Friday 4 November 2022

Five Poems by Douglas K Currier


Last dance                                            


Maybe it’s not the tune you imagined,

not a music somber and suited to momentous. 

Maybe the dancefloor seems foreign,

no place you’d choose for a last dance. 

Your partner has been chosen for you. 

You already know her, of course; you’re

waiting on the floor for her to join you.


You find you’ve not much choice at all,

except for those dances – music, partners,

lights, drinks, that trip rhythmically and

counterclockwise through your memory.


In this solitude, waiting for the band to start up,

the needle to drop, “play” to be pushed, it’s

nothing like those other ballrooms, milongas,

barrooms, family parties.  It is somber and formal

and so very last, and you hope to make it to

the end of the piece with some vestige of grace. 





                                                                        for Darlene Hurlburt


I remember those that are no longer

– La Ideal in Buenos Aires, Montreal,

the old quarter, that studio that taught us

tango, the Champlain Club in Burlington,

where we put on milongas, then so many

high school gymnasiums – those basketball

ballrooms – and the bars with postage-stamp

floors – drinking in that hug and sway of desire.


The American Legion by the railroad tracks

in Randolph, Vermont, when I was 10 – socks

and space and dimmed lights – I fell in love

forever with the touch and smell of girl

and had no idea what was coming for me. 





There is a difficult generosity in age,

that willingness to give more of everything

than one has – money, wishes, time, hopes.


We learn it late, almost at the end, when

to volunteer means to be needed.  It is a sort

of redemption for our rush, our haste in

advancing to the head of the line, our greed,

avarice, our selfish thrift, cruelty.


My mother died, but the charities kept asking

for months – the return address stickers, the keychains,

small calendars, bookmarks, promotional postcards

– all those appreciations she hoarded.


We learn late the needful grace of utility and the lesson

of sharing drummed into us to no immediate avail

in childhood.  We learn that we own nothing, that the truism,

disbelieved and ignored by pharaohs and kings, potentates

and czars, tyrants and rulers of every stripe, is indeed true

– there is no taking it with you.


My father did not die before ridding himself of all

his children ever gave him and our mother.  I received

again the school photos, letters, books, awards, knick-knacks,

and whimsies I thought would please.  We carry them

for ballast and put them over the side into the water

of dark, wanting lightness and to float a bit longer.

I am finally learning this now; a lesson life shows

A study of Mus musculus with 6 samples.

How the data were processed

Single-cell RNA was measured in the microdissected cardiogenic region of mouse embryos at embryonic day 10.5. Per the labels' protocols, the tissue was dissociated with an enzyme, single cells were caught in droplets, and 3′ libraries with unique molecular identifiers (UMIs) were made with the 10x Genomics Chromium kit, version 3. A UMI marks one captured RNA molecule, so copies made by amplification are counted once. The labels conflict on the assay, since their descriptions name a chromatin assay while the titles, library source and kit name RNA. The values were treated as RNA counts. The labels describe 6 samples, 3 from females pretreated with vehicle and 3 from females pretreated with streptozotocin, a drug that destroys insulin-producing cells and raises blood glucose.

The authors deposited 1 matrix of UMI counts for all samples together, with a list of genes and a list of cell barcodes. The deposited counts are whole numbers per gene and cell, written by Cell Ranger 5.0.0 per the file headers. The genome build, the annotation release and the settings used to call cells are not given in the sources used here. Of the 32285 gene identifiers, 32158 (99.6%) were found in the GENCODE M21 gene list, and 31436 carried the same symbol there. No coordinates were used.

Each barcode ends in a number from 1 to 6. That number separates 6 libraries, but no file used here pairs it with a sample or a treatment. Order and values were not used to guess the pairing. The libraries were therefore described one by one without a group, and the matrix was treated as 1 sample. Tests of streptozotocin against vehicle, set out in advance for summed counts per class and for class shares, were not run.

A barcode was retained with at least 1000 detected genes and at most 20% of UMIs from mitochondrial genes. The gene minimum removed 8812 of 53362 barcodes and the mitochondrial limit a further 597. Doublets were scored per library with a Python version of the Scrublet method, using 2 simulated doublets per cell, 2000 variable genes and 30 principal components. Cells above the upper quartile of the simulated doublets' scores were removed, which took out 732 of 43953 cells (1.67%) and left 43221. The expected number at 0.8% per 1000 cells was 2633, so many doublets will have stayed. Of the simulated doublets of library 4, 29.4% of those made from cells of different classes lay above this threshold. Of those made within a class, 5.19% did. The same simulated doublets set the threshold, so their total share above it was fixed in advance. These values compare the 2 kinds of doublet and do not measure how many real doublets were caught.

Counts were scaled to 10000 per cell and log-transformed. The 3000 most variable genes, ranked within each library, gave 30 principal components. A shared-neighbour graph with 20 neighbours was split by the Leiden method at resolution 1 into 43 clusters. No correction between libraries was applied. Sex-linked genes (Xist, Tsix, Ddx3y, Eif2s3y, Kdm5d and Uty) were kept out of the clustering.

to be ubiquitous.  We own nothing.  It seems to require

constant reminding, needs to be believed the way

time is believed, the way flight is believed,

and buoyancy and love and death.





Our optimism keeps us from considering

all of what might be last.  In age dwindling,

memory replaces repetition, revisiting flavours,

odours, a touch not as urgent. The lasts are there

the same – last times good and bad. 

Of course, some of them we’ve had already

– not realizing the meagre chance we’ll again

enjoy or endure a moment already taken.


Consider endings, bidding goodbyes, farewells,

the knowledge that we won’t be doing this or that

ever again – seeing, touching, tasting.  Age is giving

– giving up and giving in -- and recalling

the lasts, ever watchful.


The lasts – last day of work, last cigarette, last drink,

last fuck, last visit, last letter, last conversation.

Last touch, last chore – when breathless we say to ourselves,

“We won’t be doing that again.” the last pet, last snowstorm,

last swim, last book, last love – all so sweet, so satisfying,

we would do them again – plan and strategize,

but they are lasts, my friend, and so . . .. 



Fast food 


Death stopped by my table

at the fast-food place on the corner,

you know, near the house.  She didn’t

sit, just stood by my shoulder, tapping

the table with her fingers.  “Really,”

she said, “a triple quarter-pounder

with cheese and bacon? You know, they

have to put the calories on the menu now,”

she said. “And a dill pickle slice for vegetable.

Maybe you want a diet drink with that.”

She took a fry, “Love these,” she said, “so salty.”

I stopped chewing, put down the burger. She

stopped with the tapping.  “What the Hell,”

she said. “Enjoy it,” she said.  “I’ll see you soon,”

she said, over her shoulder on her way out.

Douglas K Currier holds a Master of Fine Arts degree from the University of Pittsburgh and has published work in a number of anthologies:  Onion River: Six Vermont Poets, Getting Old, and Welcome to the Neighborhood and journals: “Café Review,” “Main Street Rag,” “Comstock Review” as well as many others, both in the United States and in South America.  His chapbook “Senorita Death” was recently published by Main Street Rag Publishing Company. He lives with his wife in Winooski, Vermont.